Both the Better Business Bureau and the FBI are warning people about romance scams, which are expected to remain an elevated threat leading up to Valentine’s Day. This type of scam has been made worse during the pandemic, as cases have spiked by 18% in the last year, according to the FBI. Here’s what you need to know.
What are romance scams?
Romance scams occur when a criminal adopts a fake online identity to gain a victim’s affection and trust. The scammer then exploits the relationship to manipulate or steal from the victim. The BBB has recent alerts about these two specific romance scams:
- The cryptocurrency scam: After building trust on an online dating platform, a scammer will quickly try to move the conversation to a texting app, such as WhatsApp or WeChat. That’s when they bring up “a family member who is a successful cryptocurrency investor” and present an “exclusive” opportunity. They then persuade the victim to deposit the money in a cryptocurrency trading platform, which of course is never seen again.
- The money mule scam: In this grift, a scammer from another country will, again, build trust and take the conversation to a texting app. Then they’ll make an unusual request in which they’ll send you money and then ask you to wire it back to them overseas. This is often accompanied by a hard luck story about their own bank accounts being “frozen.” According to the BBB, however, the funds are likely to be stolen COVID relief check money, and they are laundering the funds to make it untraceable.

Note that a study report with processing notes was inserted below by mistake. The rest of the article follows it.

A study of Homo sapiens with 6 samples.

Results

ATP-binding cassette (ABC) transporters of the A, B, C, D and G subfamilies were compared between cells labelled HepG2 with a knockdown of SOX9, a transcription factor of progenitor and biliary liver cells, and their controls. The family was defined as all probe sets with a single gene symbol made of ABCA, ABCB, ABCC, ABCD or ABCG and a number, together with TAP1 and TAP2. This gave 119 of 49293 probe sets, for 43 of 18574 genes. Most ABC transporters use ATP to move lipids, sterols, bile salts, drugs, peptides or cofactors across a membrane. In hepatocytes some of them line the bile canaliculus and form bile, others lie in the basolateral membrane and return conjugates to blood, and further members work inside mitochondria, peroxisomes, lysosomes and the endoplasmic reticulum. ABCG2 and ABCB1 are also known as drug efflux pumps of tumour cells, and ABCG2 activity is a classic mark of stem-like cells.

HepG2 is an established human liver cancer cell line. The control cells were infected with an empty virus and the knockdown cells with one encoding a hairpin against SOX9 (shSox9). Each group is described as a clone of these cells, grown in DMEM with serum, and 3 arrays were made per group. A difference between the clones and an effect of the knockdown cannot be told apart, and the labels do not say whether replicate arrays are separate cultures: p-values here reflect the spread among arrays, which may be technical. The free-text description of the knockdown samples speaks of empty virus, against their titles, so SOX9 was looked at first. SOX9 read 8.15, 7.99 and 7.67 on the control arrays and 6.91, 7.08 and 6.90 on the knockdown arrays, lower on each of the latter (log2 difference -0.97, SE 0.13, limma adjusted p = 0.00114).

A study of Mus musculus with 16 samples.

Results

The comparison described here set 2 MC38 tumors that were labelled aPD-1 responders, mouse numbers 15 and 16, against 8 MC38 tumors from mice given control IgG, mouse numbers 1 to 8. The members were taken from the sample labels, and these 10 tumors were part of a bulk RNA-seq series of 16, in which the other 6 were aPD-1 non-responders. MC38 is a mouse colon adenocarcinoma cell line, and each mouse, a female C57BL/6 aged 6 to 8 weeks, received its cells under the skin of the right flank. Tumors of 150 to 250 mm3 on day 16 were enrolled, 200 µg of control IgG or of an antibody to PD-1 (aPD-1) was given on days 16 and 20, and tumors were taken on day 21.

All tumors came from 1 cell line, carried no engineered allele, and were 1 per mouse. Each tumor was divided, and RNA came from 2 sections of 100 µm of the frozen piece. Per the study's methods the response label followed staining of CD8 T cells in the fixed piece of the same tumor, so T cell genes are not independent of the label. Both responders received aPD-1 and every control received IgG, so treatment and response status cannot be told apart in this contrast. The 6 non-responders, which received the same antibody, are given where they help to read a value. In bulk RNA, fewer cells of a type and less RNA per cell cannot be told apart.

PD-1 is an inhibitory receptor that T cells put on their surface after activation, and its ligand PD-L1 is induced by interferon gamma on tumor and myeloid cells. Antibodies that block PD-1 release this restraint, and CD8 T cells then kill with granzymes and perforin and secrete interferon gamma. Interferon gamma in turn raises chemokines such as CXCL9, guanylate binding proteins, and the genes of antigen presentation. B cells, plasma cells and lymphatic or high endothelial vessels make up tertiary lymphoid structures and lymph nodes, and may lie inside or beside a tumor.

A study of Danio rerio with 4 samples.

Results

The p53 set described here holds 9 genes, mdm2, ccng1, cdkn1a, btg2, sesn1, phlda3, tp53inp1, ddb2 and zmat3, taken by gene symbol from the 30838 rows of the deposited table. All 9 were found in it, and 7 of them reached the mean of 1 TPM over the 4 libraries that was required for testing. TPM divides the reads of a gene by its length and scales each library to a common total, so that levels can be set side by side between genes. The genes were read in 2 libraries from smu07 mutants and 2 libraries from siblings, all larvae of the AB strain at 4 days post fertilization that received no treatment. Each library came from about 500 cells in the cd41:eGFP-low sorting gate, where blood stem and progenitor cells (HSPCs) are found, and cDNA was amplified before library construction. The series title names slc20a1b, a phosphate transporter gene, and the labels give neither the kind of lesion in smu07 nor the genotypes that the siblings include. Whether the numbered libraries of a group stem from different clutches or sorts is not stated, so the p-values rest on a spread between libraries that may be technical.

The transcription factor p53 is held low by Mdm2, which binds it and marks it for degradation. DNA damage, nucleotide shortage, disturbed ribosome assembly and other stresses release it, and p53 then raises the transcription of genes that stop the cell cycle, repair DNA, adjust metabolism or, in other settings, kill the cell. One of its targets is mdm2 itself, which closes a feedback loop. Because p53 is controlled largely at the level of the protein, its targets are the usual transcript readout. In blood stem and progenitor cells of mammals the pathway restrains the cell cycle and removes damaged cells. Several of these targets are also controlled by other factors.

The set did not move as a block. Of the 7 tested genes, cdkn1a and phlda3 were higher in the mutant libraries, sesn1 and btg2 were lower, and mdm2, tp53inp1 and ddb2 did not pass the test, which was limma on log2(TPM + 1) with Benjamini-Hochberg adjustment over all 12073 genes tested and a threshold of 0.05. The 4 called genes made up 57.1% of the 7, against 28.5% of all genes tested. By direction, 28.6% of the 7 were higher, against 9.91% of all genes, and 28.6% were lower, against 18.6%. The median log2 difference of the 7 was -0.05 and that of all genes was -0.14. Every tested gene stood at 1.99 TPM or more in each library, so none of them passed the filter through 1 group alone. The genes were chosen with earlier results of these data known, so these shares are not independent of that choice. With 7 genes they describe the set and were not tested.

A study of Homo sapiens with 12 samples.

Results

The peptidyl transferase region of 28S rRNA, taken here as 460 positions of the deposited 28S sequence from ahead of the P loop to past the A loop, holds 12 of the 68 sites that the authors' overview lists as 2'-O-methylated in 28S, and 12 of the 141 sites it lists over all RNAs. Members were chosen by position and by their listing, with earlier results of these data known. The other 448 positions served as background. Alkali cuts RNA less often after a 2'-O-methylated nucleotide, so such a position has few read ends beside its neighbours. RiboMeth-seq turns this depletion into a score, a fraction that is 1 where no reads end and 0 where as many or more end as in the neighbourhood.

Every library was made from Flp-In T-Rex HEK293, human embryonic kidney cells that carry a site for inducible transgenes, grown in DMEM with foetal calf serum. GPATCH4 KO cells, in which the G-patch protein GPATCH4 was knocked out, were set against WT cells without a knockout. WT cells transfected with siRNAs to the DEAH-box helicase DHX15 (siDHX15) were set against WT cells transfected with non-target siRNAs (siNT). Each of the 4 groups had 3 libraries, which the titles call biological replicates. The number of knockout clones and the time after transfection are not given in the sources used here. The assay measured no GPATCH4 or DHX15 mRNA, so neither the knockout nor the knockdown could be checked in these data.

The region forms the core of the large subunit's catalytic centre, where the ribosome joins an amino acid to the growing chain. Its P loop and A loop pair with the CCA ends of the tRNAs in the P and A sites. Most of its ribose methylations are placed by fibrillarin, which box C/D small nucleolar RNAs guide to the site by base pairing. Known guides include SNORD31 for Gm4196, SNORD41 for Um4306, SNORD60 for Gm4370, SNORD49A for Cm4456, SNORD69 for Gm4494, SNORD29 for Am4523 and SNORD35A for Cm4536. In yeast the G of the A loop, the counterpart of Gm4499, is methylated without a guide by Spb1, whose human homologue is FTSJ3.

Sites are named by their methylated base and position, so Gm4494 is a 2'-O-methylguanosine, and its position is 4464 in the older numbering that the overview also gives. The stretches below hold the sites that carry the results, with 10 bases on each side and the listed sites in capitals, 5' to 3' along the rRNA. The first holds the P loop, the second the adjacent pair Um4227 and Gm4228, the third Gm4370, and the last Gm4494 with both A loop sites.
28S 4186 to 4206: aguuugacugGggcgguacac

Whatever the type of romance scam, if you’re uncomfortable about something, ask questions. If the other person refuses to give you direct answers, or their tone becomes more accusatory and aggressive, that’s a pretty good sign it’s a scam. A good standing rule is to never send money to someone you’ve haven’t met.
The BBB has these additional tips to help you avoid romance scams when using dating sites:
- Communicate on the dating app. If a love interest appears to be in a hurry to get off the dating app to an unsecure chat app, that’s a red flag.
- Ask specific questions about details given in a profile. A scammer may stumble over remembering details or making a story fit.
- Research the dating profile. Many scammers steal photos from the web to use in their profiles. Conduct a reverse image lookup using a website like tineye.com or images.google.com to see if the photos on a profile are stolen from somewhere else. Search online for a profile name, email, or phone number to see what adds up and what doesn’t. If it seems like a fake profile, report what you find to the dating app.
- Be careful about what you post and make public online. Scammers can use details shared on social media and dating sites to better understand and target you.
- Go slowly and ask lots of questions.
- Beware if the individual attempts to isolate you from friends and family or requests inappropriate photos or financial information that could later be used to extort you.
- Beware if the individual is never able to meet in person, or always has an excuse why they can’t. If you haven’t met the person after a few months, you have good reason to be suspicious.
If you’ve been the victim of scam, report it on the BBB.org/ScamTracker.